German teachers call for uniform Covid rules in schools nationwide

An empty classroom in Munich at the end of March. Photo: DPA

Teachers' and students' representatives agree that there is a need for uniform nationwide testing rules and school closures if the 7-day incidence of infections rises above 100. Will these steps be implemented?


Ahead of Thursday afternoon's meeting of the Conference of Ministers of Education and Cultural Affairs (KMK), teachers' associations and student representatives have called for uniform nationwide rules for school openings and coronavirus tests.

Here’s what they would like to see implemented throughout the Bundesrepublik.

Uniform openings and mandatory tests

"The ball is now in the court of the education ministers," the president of the German Teachers' Association, Heinz-Peter Meidinger, told Redaktionsnetzwerk Deutschland.

"They can now show whether they can manage to finally come up with national rules for schools more than a year after the start of the pandemic."

READ ALSO: All children in Germany should return to school in March, state ministers agree

Meidinger emphasised the need for mandatory testing “twice a week” for all students in Germany.

He also said that a uniform line was needed on the issue of school openings.


"It's not acceptable that every federal state does what it wants - and individual states say they'll open regardless of the incidences (the number of Covid infections per 100,000 people in seven days)."

At the last coronavirus federal-state summit on March 22nd, German Chancellor Angela Merkel and the 16 state premiers decided to offer two tests per week for pupils "as soon as possible". 

Several states have implemented this, but it is unclear if this is happening everywhere.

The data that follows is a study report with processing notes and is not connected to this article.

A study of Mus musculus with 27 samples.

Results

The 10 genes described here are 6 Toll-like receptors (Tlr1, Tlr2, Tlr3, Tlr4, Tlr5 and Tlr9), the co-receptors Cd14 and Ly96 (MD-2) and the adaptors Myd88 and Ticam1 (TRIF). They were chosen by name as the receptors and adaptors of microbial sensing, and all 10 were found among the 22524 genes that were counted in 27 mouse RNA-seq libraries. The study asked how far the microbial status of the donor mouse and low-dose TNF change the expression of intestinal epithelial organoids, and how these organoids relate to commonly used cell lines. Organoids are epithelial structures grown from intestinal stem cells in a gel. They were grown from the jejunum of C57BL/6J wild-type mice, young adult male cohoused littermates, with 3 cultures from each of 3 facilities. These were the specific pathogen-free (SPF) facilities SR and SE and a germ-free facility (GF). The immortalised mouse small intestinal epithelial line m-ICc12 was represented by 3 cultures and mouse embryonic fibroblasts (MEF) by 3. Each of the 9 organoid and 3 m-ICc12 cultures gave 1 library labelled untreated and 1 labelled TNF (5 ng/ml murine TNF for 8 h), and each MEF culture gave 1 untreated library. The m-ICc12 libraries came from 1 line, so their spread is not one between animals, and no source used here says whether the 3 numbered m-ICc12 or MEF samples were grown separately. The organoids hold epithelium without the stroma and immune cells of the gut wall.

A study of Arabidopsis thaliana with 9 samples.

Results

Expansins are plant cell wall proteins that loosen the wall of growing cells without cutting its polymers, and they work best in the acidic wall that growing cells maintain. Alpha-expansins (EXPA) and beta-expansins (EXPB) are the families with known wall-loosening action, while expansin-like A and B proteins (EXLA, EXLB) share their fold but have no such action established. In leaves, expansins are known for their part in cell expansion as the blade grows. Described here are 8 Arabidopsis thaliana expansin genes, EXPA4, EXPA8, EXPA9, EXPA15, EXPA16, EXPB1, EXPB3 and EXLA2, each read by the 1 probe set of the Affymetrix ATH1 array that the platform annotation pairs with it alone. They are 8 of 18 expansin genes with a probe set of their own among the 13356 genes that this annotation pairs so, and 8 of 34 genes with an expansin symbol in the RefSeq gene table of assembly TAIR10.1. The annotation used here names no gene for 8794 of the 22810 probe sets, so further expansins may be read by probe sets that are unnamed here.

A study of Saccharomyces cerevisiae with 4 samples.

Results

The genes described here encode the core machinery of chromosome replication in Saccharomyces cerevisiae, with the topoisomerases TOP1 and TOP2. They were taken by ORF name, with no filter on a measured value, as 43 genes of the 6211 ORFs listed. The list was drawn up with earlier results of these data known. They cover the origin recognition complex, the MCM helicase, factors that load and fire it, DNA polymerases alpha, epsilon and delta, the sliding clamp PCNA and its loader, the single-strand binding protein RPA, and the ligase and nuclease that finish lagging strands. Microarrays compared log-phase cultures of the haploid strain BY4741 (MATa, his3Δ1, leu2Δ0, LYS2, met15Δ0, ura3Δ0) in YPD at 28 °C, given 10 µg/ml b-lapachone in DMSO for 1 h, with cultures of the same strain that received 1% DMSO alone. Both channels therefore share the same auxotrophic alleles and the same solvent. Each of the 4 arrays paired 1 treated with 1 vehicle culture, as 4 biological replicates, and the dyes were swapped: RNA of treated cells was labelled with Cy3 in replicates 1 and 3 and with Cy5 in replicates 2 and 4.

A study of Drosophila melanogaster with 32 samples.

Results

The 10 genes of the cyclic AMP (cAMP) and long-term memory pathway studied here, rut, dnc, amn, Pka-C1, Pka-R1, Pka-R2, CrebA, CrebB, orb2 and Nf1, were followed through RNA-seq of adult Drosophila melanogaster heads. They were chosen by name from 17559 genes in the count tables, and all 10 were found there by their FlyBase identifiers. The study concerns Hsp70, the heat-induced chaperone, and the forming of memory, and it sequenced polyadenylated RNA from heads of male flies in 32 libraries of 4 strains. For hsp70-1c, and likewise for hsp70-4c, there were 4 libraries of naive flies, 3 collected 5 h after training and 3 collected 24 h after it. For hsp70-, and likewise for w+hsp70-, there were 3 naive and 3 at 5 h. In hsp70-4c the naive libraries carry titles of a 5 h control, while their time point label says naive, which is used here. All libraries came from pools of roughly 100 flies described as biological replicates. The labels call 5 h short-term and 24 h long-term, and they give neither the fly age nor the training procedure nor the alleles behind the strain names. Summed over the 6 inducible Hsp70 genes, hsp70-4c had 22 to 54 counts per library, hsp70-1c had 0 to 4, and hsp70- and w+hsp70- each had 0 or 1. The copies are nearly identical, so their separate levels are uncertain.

In some states, compulsory testing has also been announced - students are to be allowed to take part in face-to-face classes only after a negative test.

Closure at incidence above 100

When a region reaches a 7-day incidence of more than 100 coronavirus cases per 100,000 residents, “schools must be closed,” emphasised Meidinger. 

However, he said that if the vaccination campaign among teachers is “well advanced” then school boards, along with local health authorities, should be able to decide whether in-class lessons are still possible. 

But it's not there yet: due to an ongoing debate about the use of the AstraZeneca vaccine, there is currently a setback in vaccinating teachers, Meidinger said.

The Secretary General of the Federal Pupils Conference, Dario Schramm, also called on education ministers to agree on a standard policy for school openings across Germany

"In hotspots with incidences of more than 100, however, there must be mandatory distance learning - with exceptions only for high school graduates and graduating classes," Schramm said.

READ ALSO: ANALYSIS: Why Switzerland didn't follow Germany's lead and close schools

No surprising decisions expected

In the run-up to its meeting, the KMK said that the talks also served to prepare for the next coronavirus summit between Merkel and state premiers scheduled for Monday April 12th.

In nine of the 16 federal states, Easter vacations come to an end on Sunday.

Depending on the state, certain grades are now being sent back to distance learning as a precaution. Elsewhere, there is a mix of in-person and online teaching.

Each of Germany's states have the power to decided for themselves on education issues.


Absolutely ludicrous that "leaders" think school closures are a solution to lower cases when time and time again science has shown children don't make up a high percentage of cases rate increases. They NEED to be in school.